Spectral Audio Technologies
The human ear is sensitive to acoustic vibrations in the range from the deepest bass at about 20 vibrations per second (Hertz) to the highest treble at over 20,000 vibrations per second (20kiloHertz). Spectral technologies affect relative power delivered across the frequency spectrum, enabling the user to customize sound playback to their tastes and equipment, or to compensate for content shortcomings.
Active Spectral Enhancement
What sets active spectral enhancement apart from so-called tone controls is its automated behaviour. QSound’s QSizzle™ (for midrange and high frequencies) and QRumble™ (for low frequencies) don’t merely boost frequencies. Rather, the user selects a desired degree of boost (and optionally, the base frequency of effect) but the processor responds to the moment-to-moment characteristics of the input and performs automatic self-adjustment. This feature enables the user to substantially enhance frequency content without introducing strident colouration, and with reduced possibility of overload during loud passages.
Active spectral enhancement is useful in a broad range of applications, but none moreso than the playback of audio files (such as .mp3) that have been digitally compressed for small download size, losing some of their sparkle and warmth as a result.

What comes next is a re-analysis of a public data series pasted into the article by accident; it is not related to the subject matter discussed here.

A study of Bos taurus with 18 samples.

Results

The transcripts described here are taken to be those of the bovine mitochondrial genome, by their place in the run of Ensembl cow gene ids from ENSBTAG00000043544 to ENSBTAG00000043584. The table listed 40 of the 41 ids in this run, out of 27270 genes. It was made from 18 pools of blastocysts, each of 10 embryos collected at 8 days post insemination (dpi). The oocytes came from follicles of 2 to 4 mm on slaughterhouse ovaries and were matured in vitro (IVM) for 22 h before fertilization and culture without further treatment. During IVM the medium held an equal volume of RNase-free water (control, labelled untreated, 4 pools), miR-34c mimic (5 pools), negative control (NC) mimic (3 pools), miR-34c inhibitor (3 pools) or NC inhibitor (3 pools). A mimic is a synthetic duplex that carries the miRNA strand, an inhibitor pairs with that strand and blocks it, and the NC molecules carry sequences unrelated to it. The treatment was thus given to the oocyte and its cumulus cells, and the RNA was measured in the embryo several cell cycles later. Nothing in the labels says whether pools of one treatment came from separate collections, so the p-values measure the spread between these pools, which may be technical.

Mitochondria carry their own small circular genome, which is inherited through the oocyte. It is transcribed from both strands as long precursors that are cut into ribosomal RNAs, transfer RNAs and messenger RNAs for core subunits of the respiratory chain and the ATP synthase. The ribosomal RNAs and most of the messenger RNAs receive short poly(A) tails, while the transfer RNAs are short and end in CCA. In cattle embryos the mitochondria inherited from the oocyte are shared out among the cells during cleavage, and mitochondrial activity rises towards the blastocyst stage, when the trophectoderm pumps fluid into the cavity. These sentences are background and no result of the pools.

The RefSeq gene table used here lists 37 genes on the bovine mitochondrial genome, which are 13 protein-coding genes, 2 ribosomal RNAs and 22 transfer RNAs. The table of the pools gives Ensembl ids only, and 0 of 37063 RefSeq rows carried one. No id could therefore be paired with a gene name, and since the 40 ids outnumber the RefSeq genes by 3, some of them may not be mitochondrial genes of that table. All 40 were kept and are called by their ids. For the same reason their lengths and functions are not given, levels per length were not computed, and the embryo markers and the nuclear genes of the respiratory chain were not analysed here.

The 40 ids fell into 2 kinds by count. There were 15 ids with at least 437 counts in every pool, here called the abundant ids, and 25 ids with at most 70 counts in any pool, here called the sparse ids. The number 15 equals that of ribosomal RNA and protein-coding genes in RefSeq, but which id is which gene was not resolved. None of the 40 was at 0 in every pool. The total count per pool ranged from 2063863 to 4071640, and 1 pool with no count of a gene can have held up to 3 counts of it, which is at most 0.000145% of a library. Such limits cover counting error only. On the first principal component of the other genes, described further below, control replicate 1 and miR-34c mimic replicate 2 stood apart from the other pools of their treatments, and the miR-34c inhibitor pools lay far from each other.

In place of simple bass and treble controls, this type of processor divides the frequency spectrum up into several tone bands so that the user can either boost or cut the response in each band independently.
Multi-band equalization is broadly applicable to almost any audio system thanks to its high flexibility and user familiarity with multi-band tone control. This type of spectral control is referred to as a graphic equalizer if the controls are implemented as vertical sliders, since the slider settings provide a graphic indication of the resulting filter response.
QSound’s QEQ™ is normally implemented as a 7-band processor, providing a good trade-off between sonic flexibility, interface real estate and resource use. Other configurations are readily provided upon request.
Mostly misunderstood and often misused, loudness is a specific form of spectral control providing boosted frequency response at both high and low extremes of the audible range. This compensates for the ear’s reduced sensitivity to spectral extremes at low listening levels and restores equal apparent loudness across the spectrum.
Equal loudness compensation enables the user to listen at reduced volume while maintaining lively audio with warmth and presence.
Historical Note: The level-related variabilty of human frequency response was first characterized in the 1930’s at Bell Labs by two researchers named Fletcher and Munson. Equal loudness compensation is based on the “Fletcher-Munson” frequency plots they developed.